AURORA, Colo. — The Aurora Public Schools (APS) superintendent said the school district will require all staff to get vaccinated against COVID-19 before the start of the 2021-2022 school year in August.
Superintendent D. Rico Munn explained the reasoning behind the requirement in a letter.
"This action is in accord with our belief that the science around COVID-19 and the vaccines is clear and compelling, is in alignment with the guidance received from federal, state, and local public health authorities and supports our goal of returning to full in-person working and learning as soon as possible — and to the fullest extent possible," he wrote.
All staff must get the vaccination before the 2021-2022 school year begins in August, the letter reads.
Permitted exemptions — medical and religious — under state and federal law will be allowed for staff once the requirement is in place, Munn said.
Bruce Wilcox, the president of the Aurora Education Association, said he’s already fielding questions from members about the policy.
"We have reached out this morning to our legal folks to say what are their rights and what are their abilities to file for exemptions," Wilcox said.
Civil rights attorney, Iris Halpern, said employers can mandate vaccinations.
"You’ve always been allowed as an employer to mandate vaccinations. You do have to do an individualized assessment when an employee comes forward and says, 'Hey, I have an underlying health condition that prevents me from being vaccinated,' or, 'I have a sincerely-held religious belief,'" said Halpern.
Munn said APS wanted to share this information early so staff members have time to make arrangements to get the vaccine before the start of school.
"We’re a learning institution, we believe in the science and we believe the science is clear and compelling at this point," Munn said.
APS is still developing its plans to implement this new policy, Munn said. The plan does not require students to get the vaccine.
"We’re going to have students back in person, but we know whatever barriers we can take down to maximize that environment are going to be critically important that we take advantage of," Munn said.
Click here to read the letter.
The Colorado Education Association released the following statement in response to the district's decision: We believe that it is prudent for districts like Aurora Public Schools take measures to keep our students and educators safe as we plan for the 2021-22 school year. We believe, and have said since the beginning, that a COVID-19 vaccination is just one of many components to safely returning full-time, in-person learning. We also want to ensure that educators and students are given the latitude to work with their districts and that special accommodations can be made if the educator or student cannot receive the vaccine due to medical or religious exemptions.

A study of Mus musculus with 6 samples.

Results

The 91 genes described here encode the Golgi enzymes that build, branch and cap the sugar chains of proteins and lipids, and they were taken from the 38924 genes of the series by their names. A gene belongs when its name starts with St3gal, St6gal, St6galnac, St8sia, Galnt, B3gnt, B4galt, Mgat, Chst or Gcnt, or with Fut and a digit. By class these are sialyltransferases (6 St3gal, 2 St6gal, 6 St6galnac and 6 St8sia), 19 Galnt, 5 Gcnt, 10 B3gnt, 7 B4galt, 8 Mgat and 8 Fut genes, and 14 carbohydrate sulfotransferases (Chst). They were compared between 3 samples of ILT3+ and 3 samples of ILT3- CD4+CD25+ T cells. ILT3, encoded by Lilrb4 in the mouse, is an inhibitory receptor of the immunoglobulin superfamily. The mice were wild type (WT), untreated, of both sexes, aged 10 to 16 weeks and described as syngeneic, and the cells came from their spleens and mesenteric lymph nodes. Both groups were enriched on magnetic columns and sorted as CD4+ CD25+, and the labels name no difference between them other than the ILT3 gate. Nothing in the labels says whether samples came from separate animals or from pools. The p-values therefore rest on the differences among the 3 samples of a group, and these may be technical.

Most Colorado colleges and universities — including Colorado State University, University of Colorado, University of Northern Colorado, and Metropolitan State University of Denver — have recently announced COVID-19 vaccination requirements for both students and staff upon full approval of one or more vaccines by the FDA. The Colorado Department of Public Health and Environment said it is still in the process of determining how to support the implementation of those plans.
READ MORE: Colorado universities requiring COVID-19 vaccine — why they can and what exemptions are offered
As of Wednesday, Denver Public Schools (DPS) said it is not requiring its students or staff to receive the COVID-19 vaccine.
COVID-19 vaccinations are not required by the federal government, but some employers can decide to make it mandatory. According to The Washington Post, just as schools can make vaccinations against measles and the flu, among other diseases, mandatory, they can require a COVID-19 vaccine.
Colorado law requires all students to be vaccinated against certain diseases, with some exemptions.
This story will be updated. Denver7 is working to learn more.